Superstore Location 1222 - 1220 Port Dr, Myrtle Beach SC 29577

Buy with Confidence - Understanding Leather Types and Properties

What is the best leather for MOTORCYCLE APPAREL?
Here is a down and dirty shortcut and quick reference from cheapest to best leathers for motorcycle apparel:

POOR:Sheepskin - Lambskin - Patch Leather - Pigskin - Suedes
FAIR: Split Buffalo - Split Cowhide
GOOD: Top Grain Goatskin - Top Grain Buffalo - Top Grain Cowhide - Top Grain Horsehide
PREFERRED:Top Grain Premium Buffalo - Top Grain Premium Cowhide - Top Grain Naked Buffalo - Top Grain Naked Cowhide

To get the most bang for your buck Jamin' Leather recommends any of the top grain cowhides or buffalo leathers for protection for riding or motorcycle purposes. As you will see below we have several leather types that are not shown above. This is simple because, either some are not available in leather apparel and some are some fall into another category of leather types and used mainly for other reasons, other than motorcycle apparel. Read on...

DESCRIPTION OF LEATHER TYPES


Top Grain Pigskin - Economically priced leather, noticeable hair follicle pattern, thin leather generally .8-1.0 mm thick.

Top Grain Cowhide - Maximum valued material for texture and appearance, top grain finish, extremely durable, firm yet easy to break in, comfortable, thickness vary greatly from .8 mm thick thur 1/8" thick for belting and saddlery, grain can be from extra smooth through a pebble grain uniform pattern, generally less expensive grains will have some spider web type gain pattern.

Top Grain Goatskin - Economically priced leather more durable than pigskin but with a courser tiny pebble grain finish. Generally only available in weights of .9 to 1.1 mm thick.

Top Grain Horsehide - Can be expensive but lately has been pricing similar to cowhide but happens to be harder to work with, stiffer and stronger. Ideal for bag and cases or heavy biker garments. Harder to find these days. Thicknesses from 1.0 to 1/8" thick.

Top Grain Calfskin - Rare in comparison to other leathers, baby cow, more durable than cow, thin, softer, thickness range from .8 mm to 2.0 mm thickness.

Top Grain Buffalo - Value priced, heavy duty leather, hair follicles and grain often evident, durable and generally found in thickness from .9 mm to 3.0 mm thick.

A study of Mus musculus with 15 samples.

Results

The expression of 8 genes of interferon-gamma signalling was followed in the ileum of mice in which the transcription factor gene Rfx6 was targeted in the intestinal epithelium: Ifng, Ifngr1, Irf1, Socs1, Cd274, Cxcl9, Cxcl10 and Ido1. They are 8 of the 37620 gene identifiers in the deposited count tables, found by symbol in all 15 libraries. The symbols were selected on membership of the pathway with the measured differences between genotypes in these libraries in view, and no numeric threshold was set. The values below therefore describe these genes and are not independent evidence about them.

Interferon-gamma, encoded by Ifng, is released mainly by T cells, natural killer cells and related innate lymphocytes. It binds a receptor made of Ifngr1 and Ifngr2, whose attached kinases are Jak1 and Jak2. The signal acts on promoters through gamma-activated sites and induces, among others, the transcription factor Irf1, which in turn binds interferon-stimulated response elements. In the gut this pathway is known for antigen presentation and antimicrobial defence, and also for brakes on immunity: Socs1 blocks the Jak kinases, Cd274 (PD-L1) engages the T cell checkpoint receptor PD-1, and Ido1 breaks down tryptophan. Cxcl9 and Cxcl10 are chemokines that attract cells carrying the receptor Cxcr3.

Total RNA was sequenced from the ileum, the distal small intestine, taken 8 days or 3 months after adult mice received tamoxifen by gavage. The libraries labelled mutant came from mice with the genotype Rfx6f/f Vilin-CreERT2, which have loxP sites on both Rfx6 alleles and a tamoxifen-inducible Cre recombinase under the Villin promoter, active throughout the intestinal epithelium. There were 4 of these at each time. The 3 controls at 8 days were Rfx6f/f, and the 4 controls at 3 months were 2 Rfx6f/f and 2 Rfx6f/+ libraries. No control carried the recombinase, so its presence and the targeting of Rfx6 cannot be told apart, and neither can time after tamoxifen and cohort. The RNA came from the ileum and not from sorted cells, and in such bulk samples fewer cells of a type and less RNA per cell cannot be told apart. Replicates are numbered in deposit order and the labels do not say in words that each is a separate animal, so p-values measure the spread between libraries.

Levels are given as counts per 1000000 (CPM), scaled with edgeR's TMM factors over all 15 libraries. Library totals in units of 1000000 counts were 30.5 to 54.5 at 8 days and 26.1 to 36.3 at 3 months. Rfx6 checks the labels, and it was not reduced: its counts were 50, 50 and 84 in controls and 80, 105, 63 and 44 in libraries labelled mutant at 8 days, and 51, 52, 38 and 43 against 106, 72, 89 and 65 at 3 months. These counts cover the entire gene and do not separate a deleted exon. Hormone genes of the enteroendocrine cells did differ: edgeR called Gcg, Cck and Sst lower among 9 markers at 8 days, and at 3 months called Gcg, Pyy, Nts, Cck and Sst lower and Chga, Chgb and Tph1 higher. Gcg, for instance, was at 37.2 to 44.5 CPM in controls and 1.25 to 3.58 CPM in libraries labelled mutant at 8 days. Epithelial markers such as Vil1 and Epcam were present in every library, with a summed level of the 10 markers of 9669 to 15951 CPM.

Top Grain Steerhide - A skin from a male cow or male buffalo that is generally the same properties of each but a bit tougher than the female skins.

Top Grain Sheepskin/Lambskin - Extremely soft, comfortable, pliable but can stretch and excessively distort the shape of the garment after excessive use, some tanning can be expensive, softer and plumper is more expensive, less expensive skins have a tight small pebble grain and the cheapest skins will be course in it's feel.

Top Grain Deerskin - Most value in softness vs durability, extremely soft and extremely durable, generally very expensive. Pebble grain common. Soft touch and somewhat spongy in it's feel. Thickness is between 1.0 and 3.0 mm thick.

Top Grain Naked Leather - This is a tanning process or lack of finishes giving it the Naked name. Any skin can be naked but most commonly you will find naked leathers in cowhide with all the durability and qualities of such. Generally a more expensive skin because they have to use choice skins (without markings and scars) for the leather to be used in manufacturing without waste.

Top Grain Distressed Buffalo - A term used commonly these days as an uneven colored finish. Most common in light brown naked buffalo leather (where each panel on a garment is rarely a perfect match due to the unique qualities of each and every skin). In the 50's though the 80's distressed leathers had been where the painted outter coat finish cam off or rubbed off during use. Some people still use words like "rub off" or "pull up" (pull up has extra oils in it for a similar effect). Distressed can come in a variety of thicknesses, textures, skins and even colors.

Split Cowhide/Buffalo Leather - Economically priced leather that can appear like top grain finish or a rustic cracked finish leather. strong and durable and can vary in thickness from .8 mm thick thru 1/8" thick.

Cow Suede - Suede is a split leather. Maximum durability in a suede, comfortable, can come is a variety of softness, thickness can vary greatly from .8 mm thick thru 1/8" thick.

Pig Suede - Suede is a split leather. Economically priced suede, noticable hair follicle pattern, very soft, thin suede generally .8-1.0 mm thick.

Chamois - Is baby lambskin and generally a split sueded skin. Absorbent and naturally yellow in color. This is the split section of the hyde. Can be used in washable garments, stains easily, extremely soft to the touch and my dry stiff unless hung neatly to dry. Thickness is from .8 to 1.2 mm thick.

Patch Leather - Random scraps of leather are sewn together and then pressed to make a large flat garment later cut into pattern parts to make things from jackets to bags. Generally any type of leather is used here. Most common is garment weights of .9 to 1.0 mm thick in a variety of pigskins, lambskins, goatskins, sheepskins and even cowhide.